For a large restaurant chain, changing management system is a big decision, which must be thoroughly planned. On the one hand, shifting systems means devoting a lot of time, effort and funds to a large project, all the way from selecting the right solution, to implementing it, to training all staff on the new platform. On the other hand, if the management system you are currently using is outdated, doesn’t support your business objectives, and hinders your staff’s ability to offer great service, a change of system may be a step that you just have to take – sooner, rather than later. Once the decision to modernize your management system has been taken, and the selection process commenced, it’s the time to decide what features you should look for. Here are five key issues to consider when selecting the ideal system.
1. Data transparency
Restaurateurs need to be able to dig in depth into real-time data in order to keep track of their business’s health, and take appropriate, timely action when problems arise. Restaurant managers need to be able to see what is going on at the POS at all times - what is being sold and in what quantities. They also require total visibility into their purchasing and financing. When this overview is lacking, perhaps because of delays in the system, or because the company is interfacing different software solutions that do not share all information, the restaurant is left unable to reconnect purchases and sales, and incapable to figure out the theoretical and practical costs of its food. In short: When selecting a new system, make sure to choose software that gives you real-time visibility into all your data, across the business.
2. A unified systemThe more interfaces you have, the higher your costs – and the risk of:
- Out-of-sync data: when your systems are disparate, it can take a long time before you realize that your data is not in sync anymore, and that you have been operating on outdated information.
- High maintenance costs: when something breaks down, or you have to perform an upgrade, it can be tough to find people who know both systems involved. Often, you will end up having to hire two people, each expert in one of the systems, and hope that they understand each other and can figure out what is wrong.
In short: A unified system, which covers your whole business end-to-end, is a more cost-effective and secure choice than interfacing a number of separate solutions.
You know it: it’s always best to limit customization to your management system. Sticking to the standard solution means lower costs at the time of deployment, as well as in the future, when it’s time to perform a system upgrade. For this reason, it’s important to start your journey by mapping out your core business needs, in order to find a system that satisfies most of your key requirements in its standard solution. At the same time, everyone who has been there before knows that it’s not always possible to stick to the standard version. Perhaps you need to integrate the new system to other software solutions you are using; or maybe, you want to offer your customers innovative services to differentiate from your competitors. Some of the systems in the market are too closed and offer no possibility for customization, leaving you with exactly the same tools as your competitors. Look for a system that allows you to extend the base solution, giving you the flexibility to add your own extensions while still taking standard updates from the base solution supplier. In short: The ideal system would offer the best of both worlds. On the one hand, it would already include most of the features you need out of the box. On the other hand, it would support customization and integration.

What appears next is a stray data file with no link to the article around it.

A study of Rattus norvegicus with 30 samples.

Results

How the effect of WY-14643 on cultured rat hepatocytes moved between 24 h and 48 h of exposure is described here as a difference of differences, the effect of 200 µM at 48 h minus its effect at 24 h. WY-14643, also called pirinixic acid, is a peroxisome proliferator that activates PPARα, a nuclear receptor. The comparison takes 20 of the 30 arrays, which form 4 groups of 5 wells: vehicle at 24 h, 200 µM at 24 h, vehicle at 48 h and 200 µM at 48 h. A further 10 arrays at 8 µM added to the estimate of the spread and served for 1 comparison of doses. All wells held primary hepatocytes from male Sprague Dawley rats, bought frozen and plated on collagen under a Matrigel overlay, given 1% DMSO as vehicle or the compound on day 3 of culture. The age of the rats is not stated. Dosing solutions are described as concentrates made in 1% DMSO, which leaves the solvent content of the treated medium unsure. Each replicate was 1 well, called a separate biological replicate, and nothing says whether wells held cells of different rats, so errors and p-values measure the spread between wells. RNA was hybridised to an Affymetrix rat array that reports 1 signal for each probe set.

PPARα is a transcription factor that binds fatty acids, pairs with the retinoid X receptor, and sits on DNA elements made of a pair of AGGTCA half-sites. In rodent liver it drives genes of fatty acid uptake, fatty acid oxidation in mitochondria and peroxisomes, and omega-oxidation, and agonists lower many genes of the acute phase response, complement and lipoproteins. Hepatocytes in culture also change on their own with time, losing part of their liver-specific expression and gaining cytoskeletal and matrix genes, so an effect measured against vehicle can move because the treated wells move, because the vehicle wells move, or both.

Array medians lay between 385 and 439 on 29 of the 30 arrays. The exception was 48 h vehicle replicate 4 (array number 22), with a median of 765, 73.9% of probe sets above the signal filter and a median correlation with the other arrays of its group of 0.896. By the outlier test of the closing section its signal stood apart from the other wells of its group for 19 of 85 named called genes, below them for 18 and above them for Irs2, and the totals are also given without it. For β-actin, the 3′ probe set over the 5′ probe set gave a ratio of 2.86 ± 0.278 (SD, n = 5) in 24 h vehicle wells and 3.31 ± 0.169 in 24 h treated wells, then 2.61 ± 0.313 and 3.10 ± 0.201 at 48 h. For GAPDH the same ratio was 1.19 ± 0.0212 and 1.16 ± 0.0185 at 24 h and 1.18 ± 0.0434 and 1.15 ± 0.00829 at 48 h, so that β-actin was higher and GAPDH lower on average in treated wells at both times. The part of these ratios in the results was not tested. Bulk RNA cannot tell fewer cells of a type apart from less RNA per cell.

4. The architecture
When investigating software solutions, consider what type of architecture is available, and what would best suit your business model. For example, if you run an F&B chain that spans across different countries, you need to consider factors such as resilience, country-specific localization and high availability environments. Chains running outlets in low availability areas (and in many countries the internet connect is still often haphazard) need to select a solution that can offer standalone capabilities, and can work for long periods of time – perhaps even weeks - without a connection to the home office. In short: If you run a worldwide operation, or are planning to expand to other territories, consider the different requirements of each location, and select a software solution that can support all your needs globally.
5. The vendor
Management system selection is not just about the software: the provider matters, too. Today, many new software companies are popping up left and right – they are light, innovative, and have no baggage. They also have no history, and who is to say if they will be around in three or five years? If the vendor, and the software, are new and little known, you risk higher expenses later. Consider the costs when you have to integrate other systems with a solution that few consultants are familiar with. Consider the risks you might run if the provider ceases to exist. Finally, don’t underestimate the importance of running a software that is supported by many companies, so that you can always have a plan B if you can’t (or don’t want to) get support from the official channels. After all, we have all been in the situation where official support proved inadequate, too expensive, or simply not fast enough. In short: Make sure you always get the support you need, when you need it. Choose a provider with a consolidated presence in the market, and a software solution that enjoys widespread technical support, for example through a large network of partners. If you still have doubts and questions regarding software selection for your food and beverage chain, do not hesitate to contact our team of experts.